Trying to set up a new pantry light. I want to tie this into the outlet that is controlled in the switch in the pantry. However when I rigged it like in this image it's all reversed. When I turn the switch off the light goes on and when the switch is on the outlet goes off. I tried switching the white and black and that did nothing. Any help would be greatly appreciated.

Attached is what I'm trying to do. The dotted lines is the new light that is going in.

enter image description here

  • Can you post photos of the insides of the boxes involved, and are you OK with converting the receptacle from switched to always-hot? – ThreePhaseEel Dec 16 '19 at 5:39

First off, turn off the breaker and leave it off until you can get this fixed, or have an electrician fix it. Dangerous wiring error there.

Look at this diagram:

switch loop wiring

I suspect you tripped the breaker, possibly more than once, when closing the switch wired wrong. If that's the case, you should have an electrician replace that breaker.


  • Panel -> Hot black -> white hot -> switch (not actually connected to receptacle but cables connected in receptacle box)
  • Switch -> Black switched hot -> receptacle -> white neutral -> Panel

Then you added a light bulb bridging the hot and switched hot. That resulted in:

  • Switch off:
    • Panel -> Hot black -> white hot -> light bulb
    • Light bulb -> Black switched hot -> receptacle -> white neutral -> Panel

which would make:

  • Light bulb ON
  • Receptacle power lower voltage due to voltage drop across the light bulb so things plugged into the receptacle may not work quite right.

  • Switch on: Essentially light bulb bypassed because of the much lower resistance path through the switch. Which would make:

  • Light bulb OFF

  • Receptacle operate normally

The end result is you need switched hot and neutral at both the light and the receptacle. You currently have switched hot at both but neutral only at the receptacle. New code requires neutral to the switch which would mean neutral would be routed along with hot & switched hot everywhere, but that doesn't help you here. Fixing this will likely involve running a new cable. You can't run two cables parallel as part of the same circuit, so that means replacing the 2 wires between the receptacle and the light bulb with 3 wires. Once you do that, you really should go all the way to the switch. And once you do that, you should make switched hot be red and hot black. End result:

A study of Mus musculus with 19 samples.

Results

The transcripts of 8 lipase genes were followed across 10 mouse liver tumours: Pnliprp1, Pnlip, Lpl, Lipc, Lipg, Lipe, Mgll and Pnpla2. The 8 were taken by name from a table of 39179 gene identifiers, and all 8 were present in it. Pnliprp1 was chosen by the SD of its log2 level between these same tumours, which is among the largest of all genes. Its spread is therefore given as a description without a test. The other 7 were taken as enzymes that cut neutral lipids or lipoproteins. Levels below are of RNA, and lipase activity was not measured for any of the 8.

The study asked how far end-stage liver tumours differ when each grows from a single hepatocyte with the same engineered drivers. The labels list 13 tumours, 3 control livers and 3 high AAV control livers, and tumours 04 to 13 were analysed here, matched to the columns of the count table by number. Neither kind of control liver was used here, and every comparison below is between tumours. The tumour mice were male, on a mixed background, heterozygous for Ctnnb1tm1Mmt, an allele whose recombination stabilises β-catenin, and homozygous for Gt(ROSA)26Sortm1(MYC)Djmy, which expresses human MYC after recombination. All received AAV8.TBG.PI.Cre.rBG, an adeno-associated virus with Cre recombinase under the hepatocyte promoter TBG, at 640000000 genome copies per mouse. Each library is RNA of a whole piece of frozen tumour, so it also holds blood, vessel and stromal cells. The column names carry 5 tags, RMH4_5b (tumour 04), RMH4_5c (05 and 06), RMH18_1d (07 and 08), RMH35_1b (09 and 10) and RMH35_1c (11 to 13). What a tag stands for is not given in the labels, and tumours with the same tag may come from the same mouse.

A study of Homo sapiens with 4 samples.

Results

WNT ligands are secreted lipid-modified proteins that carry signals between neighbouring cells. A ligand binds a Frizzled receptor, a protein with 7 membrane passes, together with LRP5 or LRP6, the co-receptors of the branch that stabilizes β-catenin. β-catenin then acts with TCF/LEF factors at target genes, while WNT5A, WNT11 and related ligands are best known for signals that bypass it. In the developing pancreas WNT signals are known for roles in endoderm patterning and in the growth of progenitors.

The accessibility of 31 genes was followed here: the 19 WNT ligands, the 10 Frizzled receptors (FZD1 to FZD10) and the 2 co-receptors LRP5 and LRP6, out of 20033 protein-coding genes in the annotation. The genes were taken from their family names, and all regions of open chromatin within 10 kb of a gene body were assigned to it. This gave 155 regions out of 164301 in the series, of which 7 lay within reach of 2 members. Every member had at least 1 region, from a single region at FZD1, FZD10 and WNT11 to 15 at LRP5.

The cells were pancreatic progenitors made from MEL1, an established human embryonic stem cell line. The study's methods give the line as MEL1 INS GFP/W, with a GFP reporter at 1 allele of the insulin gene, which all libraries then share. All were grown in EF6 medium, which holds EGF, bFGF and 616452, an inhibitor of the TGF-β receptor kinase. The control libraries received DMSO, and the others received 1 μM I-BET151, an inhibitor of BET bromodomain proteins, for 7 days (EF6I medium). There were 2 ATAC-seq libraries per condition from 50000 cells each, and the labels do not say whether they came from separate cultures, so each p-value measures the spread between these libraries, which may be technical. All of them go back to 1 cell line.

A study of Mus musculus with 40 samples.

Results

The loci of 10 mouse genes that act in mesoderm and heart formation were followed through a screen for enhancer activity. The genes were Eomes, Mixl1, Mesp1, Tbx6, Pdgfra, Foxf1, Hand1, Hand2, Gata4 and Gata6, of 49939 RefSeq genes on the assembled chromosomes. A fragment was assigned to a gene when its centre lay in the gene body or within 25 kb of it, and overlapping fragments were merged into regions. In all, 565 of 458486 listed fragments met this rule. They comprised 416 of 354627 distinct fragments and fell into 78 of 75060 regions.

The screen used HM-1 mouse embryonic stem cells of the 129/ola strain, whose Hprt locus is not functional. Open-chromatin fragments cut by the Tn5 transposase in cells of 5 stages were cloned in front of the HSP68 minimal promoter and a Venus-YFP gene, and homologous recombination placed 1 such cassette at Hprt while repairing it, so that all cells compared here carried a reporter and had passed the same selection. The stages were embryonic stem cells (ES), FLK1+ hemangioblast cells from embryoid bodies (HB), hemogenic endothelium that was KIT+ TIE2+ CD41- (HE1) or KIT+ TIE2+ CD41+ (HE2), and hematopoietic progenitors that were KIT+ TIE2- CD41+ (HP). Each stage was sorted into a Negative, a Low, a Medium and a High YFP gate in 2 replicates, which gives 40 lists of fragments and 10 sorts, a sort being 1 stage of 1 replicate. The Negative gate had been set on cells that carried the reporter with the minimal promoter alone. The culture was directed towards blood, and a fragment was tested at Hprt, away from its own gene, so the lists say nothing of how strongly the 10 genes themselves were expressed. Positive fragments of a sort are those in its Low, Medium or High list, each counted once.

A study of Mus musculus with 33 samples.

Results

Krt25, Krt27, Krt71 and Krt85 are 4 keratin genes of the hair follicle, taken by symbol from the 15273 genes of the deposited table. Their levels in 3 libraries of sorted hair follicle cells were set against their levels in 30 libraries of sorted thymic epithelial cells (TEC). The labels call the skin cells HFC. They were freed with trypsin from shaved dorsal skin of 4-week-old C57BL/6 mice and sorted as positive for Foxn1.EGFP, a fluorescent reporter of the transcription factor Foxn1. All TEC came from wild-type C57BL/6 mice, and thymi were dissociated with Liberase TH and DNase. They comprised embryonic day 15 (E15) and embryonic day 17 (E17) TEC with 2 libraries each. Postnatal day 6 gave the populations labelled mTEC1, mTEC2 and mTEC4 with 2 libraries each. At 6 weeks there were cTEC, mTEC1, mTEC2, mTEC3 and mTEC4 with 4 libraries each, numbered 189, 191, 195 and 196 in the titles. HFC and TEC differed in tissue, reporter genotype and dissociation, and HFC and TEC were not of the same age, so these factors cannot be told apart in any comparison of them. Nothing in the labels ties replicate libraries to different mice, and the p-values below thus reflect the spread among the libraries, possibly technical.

• Panel -> Hot black -> hot black (new) (bypasses light bulb) -> switch (not actually connected to receptacle but cables connected in receptacle box)
  • Panel -> Neutral white -> receptacle -> neutral white (new) -> light bulb -> neutral white -> switch (not actually connected to switch, just capped in the box)
  • Switch -> Red switched hot -> light bulb -> red switched hot -> receptacle

As you have discovered, you can’t just put the new light in parallel with the switch. The way you did this, when the switch is on, the light is shorted out and off. When the switch in on, you end up with the light in series with the outlet and, if you use a low wattage light, like an LED, the light will leak power through what you plugged in and will light.

The first thing to check is if you have a neutral wire or wires in the box with the switch. If you do, connect the light between the neutral and the switched side of the switch. (Connect to one side of the switch. If the light is not switched, switch it to the other side.)

If the is no neutral with the switch, sorry, you cannot connect your light here. You’ll have to instead connect to the outlet box. Connect the light in parallel with the outlet. Connect black to black (or red) and white to white (don’t forget the ground).

I’ve ignored details about how to connect things like pigtailing wirenuts. If you aren’t comfortable with this, get someone to help you.


Right now, the switch and lamp are parallel. However, in the receptacle socket, they are in series. You didn't draw that part. They need to be the other way around.

Right now, fix the switch so it's in series instead of parallel with the lamp.

Remove the dotted black line between the two solid lines.

Remove the solid red line between the two dotted lines.

That means you'll be joining the dotted black line to the solid red.